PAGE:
Peace Corps Volunteer to Publish First Comprehensive Kyrgyz-English Dictionary
January 14, 2013
New translations will help Kyrgyz communities, business people and tourists
WASHINGTON, D.C., January 14, 2013 – Peace Corps volunteer Willoughby Ann Walshe of Seattle, Wash., is preparing to publish the first comprehensive Kyrgyz-English dictionary to ever be printed in the nation.
When she started teaching English at a secondary school in a small village near the capitol city, Bishkek, Walshe discovered her students didn’t have a dictionary to make translations from their native language into English.
“Students and teachers only had Russian-English dictionaries available as a resource for learning the English language,” said Walshe, age 75. “Although most Kyrgyz people know how to speak Russian, it meant they had to translate words twice, from Kyrgyz to Russian and from Russian to English, in order to find the English meaning. The time and work involved deters motivation.”
With more than 30 years of experience in the publishing and translation industry, Walshe accepted the challenge to better educate her students. She found that a few Kyrgyz-English dictionaries had been published during the last decade, but those generally provided only English-to-Kyrgyz translation — and they were all out of print. She turned to the concise Kyrgyz-English dictionary she received upon arriving in Kyrgyzstan and contacted its author, Baktybek Kurmanakunov, Dean of the Faculty of Foreign Languages and English teacher at Jalal-Abad State University. “When I contacted Baktybek I found out that he’s been compiling a comprehensive English-Kyrgyz/Kyrgyz-English dictionary comprising around 80,000 terms and phrases.”
Using these terms and phrases as a base, Walshe and Kurmanakunov are working together to publish and distribute a comprehensive English-Kyrgyz/Kyrgyz-English dictionary to be used by students, community members and tourists.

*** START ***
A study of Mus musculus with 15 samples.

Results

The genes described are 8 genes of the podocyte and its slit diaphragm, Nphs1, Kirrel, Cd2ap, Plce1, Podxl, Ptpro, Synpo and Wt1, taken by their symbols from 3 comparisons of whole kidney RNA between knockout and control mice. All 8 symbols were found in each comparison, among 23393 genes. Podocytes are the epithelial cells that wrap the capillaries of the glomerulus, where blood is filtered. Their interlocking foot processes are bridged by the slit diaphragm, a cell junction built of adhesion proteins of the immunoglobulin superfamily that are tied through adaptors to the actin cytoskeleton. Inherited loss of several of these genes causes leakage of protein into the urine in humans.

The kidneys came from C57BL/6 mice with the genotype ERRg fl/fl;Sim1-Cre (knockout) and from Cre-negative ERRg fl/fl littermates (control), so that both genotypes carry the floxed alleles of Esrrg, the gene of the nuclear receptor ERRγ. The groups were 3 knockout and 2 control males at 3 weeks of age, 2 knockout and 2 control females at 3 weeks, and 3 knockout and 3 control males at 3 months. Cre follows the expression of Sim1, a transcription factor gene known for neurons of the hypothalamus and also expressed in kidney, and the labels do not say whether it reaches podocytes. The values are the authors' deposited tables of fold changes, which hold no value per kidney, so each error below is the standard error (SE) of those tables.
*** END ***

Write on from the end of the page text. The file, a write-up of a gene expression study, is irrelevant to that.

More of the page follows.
“Kyrgyz community members in all walks of life — students, teachers, parents, adults, business people — are interested in learning English to enhance their opportunities for finding lucrative jobs and for travel purposes. The dictionary will help them learn to read and write English texts as well as use correct spelling, grammar and pronunciation,” Walshe said. The dictionary will help English-speaking people living in Kyrgyzstan integrate better into the culture by learning the Kyrgyz language.” Walshe and Baktybek appointed a team of language professors associated with Peace Corps to review the current lists of words. Once edits are made, the dictionary will be printed and is expected to be available for use in hard-copy form by spring 2013.
“We envision the dictionary eventually being used by every student, teacher, business person and tourist facility in the country,” said Walshe.
About Peace Corps/ Kyrgyzstan: More than 980 Peace Corps volunteers have served in the Kyrgyz Republic since the program was established in 1993. Currently, 80 volunteers serve in the Kyrgyz Republic. Volunteers work in the areas of education, community development, business development and health. Volunteers are trained and work in Kyrgyz and Russian.
About the Peace Corps: Since President John F. Kennedy established the Peace Corps by executive order on March 1, 1961, more than 210,000 Americans have served in 139 host countries. Today, 8,073 volunteers are working with local communities in 76 host countries in agriculture, community economic development, education, environment, health and youth in development. Peace Corps volunteers must be U.S. citizens and at least 18 years of age. Peace Corps service is a 27-month commitment and the agency’s mission is to promote world peace and friendship and a better understanding between Americans and people of other countries. Visit www.peacecorps.gov for more information.